Unhealthy boundaries might be to blame for many unhappy relationships. If you think that might be the case with your relationships, here’s where to start and what to do to improve your boundaries.

 

We often talk about healthy boundaries during therapy sessions, but what does the term actually mean? Some people mistakenly think of boundaries as walls that disconnect people; however, healthy boundaries really help us to create and maintain functional and satisfying relationships. Dr Charles L Whitfield in one of his books Boundaries and Relationships, Knowing, Protecting and Enjoying the Self (Health Communications 1993) simply describes a boundary as “how far we can go with comfort in a relationship”.

Knowing your own boundaries means that you have a great awareness of your own inner life, such as your thoughts, beliefs, feelings, desires, experiences, decisions and compulsions, and your unfinished business. So your boundaries and limits help you to know who you are.

If our boundaries are unhealthy, such as blurred, co-dependent or enmeshed, we often experience emotional pain, disappointment, resentment, anger and suffering. For example, if you can only be happy if your partner is happy, if you are blamed by your partner for his or her explosive anger, if you feel controlled, manipulated or taken advantage of, or if someone doesn’t respect your privacy and personal space. Just pause for a second now and reflect on your relationship. Do you feel safe? Can you be yourself – do you express your thoughts and feelings freely? Do you feel respected and listened to by your partner?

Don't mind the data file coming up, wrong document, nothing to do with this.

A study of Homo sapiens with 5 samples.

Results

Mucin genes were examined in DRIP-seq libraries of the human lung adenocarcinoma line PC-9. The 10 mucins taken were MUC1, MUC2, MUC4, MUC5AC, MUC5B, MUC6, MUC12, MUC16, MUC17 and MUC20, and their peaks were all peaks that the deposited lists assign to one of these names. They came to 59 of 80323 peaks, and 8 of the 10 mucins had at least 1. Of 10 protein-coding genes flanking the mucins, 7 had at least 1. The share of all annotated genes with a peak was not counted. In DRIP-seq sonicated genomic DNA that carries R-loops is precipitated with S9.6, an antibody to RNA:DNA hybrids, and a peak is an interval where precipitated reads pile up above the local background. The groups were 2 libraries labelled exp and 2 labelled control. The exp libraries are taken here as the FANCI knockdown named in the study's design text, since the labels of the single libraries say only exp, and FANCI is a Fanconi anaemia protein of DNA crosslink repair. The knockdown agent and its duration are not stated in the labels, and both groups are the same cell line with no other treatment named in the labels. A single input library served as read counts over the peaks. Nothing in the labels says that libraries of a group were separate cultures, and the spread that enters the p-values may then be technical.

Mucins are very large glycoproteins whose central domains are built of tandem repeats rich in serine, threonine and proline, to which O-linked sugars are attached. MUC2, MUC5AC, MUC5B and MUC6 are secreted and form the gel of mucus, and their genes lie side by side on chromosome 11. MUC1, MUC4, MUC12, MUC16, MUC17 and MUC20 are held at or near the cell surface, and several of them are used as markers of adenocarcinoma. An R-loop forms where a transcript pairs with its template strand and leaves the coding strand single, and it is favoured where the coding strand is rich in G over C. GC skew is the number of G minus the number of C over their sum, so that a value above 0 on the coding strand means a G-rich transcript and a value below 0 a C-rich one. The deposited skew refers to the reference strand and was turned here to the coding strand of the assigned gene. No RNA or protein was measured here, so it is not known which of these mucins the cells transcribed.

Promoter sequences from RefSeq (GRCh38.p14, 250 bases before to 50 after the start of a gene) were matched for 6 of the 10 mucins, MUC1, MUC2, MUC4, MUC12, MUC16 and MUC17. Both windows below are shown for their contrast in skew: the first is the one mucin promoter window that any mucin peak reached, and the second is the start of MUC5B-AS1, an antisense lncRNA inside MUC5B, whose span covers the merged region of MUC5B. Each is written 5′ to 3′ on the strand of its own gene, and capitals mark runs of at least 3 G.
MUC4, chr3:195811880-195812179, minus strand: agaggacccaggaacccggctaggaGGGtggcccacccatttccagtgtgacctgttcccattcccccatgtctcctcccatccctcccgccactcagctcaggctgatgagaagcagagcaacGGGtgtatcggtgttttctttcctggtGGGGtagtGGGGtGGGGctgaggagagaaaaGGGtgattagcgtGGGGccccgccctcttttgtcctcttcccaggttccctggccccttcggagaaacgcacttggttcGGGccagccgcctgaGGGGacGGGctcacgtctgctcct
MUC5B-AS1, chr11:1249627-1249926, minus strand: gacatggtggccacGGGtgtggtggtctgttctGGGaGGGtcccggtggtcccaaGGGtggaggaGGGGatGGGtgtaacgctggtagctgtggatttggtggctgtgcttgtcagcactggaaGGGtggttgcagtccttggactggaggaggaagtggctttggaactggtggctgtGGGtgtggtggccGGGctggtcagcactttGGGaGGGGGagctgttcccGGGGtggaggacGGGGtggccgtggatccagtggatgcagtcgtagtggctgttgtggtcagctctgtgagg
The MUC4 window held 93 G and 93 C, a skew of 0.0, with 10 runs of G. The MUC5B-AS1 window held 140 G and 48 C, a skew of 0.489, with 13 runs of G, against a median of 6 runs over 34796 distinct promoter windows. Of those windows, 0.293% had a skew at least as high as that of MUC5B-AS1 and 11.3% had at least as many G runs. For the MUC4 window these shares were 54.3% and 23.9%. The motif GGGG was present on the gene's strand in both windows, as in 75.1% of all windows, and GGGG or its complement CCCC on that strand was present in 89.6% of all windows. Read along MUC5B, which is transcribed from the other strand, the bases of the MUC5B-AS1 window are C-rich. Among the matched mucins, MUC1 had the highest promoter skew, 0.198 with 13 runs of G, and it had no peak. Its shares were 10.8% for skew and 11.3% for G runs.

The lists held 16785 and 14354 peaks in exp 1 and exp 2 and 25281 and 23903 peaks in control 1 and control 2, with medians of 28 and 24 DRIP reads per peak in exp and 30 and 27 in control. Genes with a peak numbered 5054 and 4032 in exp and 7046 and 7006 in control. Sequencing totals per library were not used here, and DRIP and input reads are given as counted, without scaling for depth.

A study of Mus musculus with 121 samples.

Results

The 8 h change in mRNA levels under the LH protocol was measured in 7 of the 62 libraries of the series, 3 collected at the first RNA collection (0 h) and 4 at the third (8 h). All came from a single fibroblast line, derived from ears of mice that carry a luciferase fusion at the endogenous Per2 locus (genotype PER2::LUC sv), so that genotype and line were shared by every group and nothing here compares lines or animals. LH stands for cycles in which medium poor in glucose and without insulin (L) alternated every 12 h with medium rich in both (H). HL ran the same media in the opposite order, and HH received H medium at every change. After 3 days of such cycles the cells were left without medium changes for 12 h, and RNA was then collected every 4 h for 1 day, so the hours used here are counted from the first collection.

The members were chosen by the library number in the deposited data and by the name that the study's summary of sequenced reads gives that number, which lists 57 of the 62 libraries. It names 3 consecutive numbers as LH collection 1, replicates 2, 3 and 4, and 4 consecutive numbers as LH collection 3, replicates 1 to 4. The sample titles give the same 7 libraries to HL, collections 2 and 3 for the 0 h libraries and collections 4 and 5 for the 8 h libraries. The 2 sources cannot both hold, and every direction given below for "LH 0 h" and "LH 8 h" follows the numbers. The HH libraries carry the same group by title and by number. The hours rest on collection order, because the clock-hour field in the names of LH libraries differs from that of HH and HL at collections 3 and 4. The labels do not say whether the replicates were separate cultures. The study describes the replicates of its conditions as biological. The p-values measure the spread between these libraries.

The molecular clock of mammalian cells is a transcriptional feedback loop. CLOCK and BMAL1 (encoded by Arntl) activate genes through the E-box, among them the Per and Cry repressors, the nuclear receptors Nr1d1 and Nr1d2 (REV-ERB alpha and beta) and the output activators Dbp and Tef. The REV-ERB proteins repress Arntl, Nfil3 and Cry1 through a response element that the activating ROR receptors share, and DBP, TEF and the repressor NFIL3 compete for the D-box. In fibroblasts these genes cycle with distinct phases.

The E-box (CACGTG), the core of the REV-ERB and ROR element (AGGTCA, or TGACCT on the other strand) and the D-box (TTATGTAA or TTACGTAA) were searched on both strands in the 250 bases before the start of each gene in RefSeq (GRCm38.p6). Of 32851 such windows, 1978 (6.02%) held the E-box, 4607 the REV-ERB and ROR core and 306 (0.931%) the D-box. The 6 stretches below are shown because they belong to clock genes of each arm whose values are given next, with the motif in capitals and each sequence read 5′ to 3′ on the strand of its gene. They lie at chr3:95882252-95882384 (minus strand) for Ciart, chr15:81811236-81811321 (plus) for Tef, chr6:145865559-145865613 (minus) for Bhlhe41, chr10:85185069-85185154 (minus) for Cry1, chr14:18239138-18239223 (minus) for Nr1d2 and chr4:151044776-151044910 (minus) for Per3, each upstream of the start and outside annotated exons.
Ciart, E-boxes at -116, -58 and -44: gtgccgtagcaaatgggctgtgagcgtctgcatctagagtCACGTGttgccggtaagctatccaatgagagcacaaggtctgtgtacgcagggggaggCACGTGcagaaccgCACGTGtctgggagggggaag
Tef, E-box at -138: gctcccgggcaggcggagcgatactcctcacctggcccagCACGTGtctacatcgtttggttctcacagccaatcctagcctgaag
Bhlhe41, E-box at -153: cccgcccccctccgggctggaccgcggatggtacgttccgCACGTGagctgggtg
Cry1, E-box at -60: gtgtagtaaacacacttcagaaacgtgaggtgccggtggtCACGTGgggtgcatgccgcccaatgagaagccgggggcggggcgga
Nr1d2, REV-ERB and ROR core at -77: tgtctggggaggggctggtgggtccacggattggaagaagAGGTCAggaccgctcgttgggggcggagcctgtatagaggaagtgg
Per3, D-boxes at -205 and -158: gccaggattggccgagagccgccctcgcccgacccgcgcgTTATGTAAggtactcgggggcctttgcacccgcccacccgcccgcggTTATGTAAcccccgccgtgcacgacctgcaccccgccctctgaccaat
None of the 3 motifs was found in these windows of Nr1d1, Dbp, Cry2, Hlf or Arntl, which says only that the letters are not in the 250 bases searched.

One of the main benefits of knowing your boundaries is to identify what belongs to you, what you need to take responsibility for dealing with, and what is not yours.

Dr Whitfield highlights three main areas of What is Mine:

  1. My awareness of my inner life (including thoughts, feelings, beliefs, choices, experiences, wants and needs and my unconscious mind)
  2. My behaviour
  3. My responsibility to make my life successful and joyful.

And conversely, What is Not Mine includes:

  1. Others’ awareness of their inner life (including thoughts, feelings, beliefs, choices, experiences, wants and needs and their unconscious mind)
  2. Their behaviour
  3. The responsibility to make their life successful and joyful.

Healthy boundary between Mine and Yours include others not trying to fix your life, or rescue you, or feel responsible for your success in life. Of course, you can support your partner, but their inner world, behaviour and success in life is still up to them. When you feel that you can be yourself, when you feel powerful, creative and alive, then you are on the right track. However, if you are in a conflict, feel ashamed, manipulated and have to hide your true self then you might need to do some work to help yourself, to give yourself a chance at success and to be responsible for your own wellbeing, life and healthy relationships.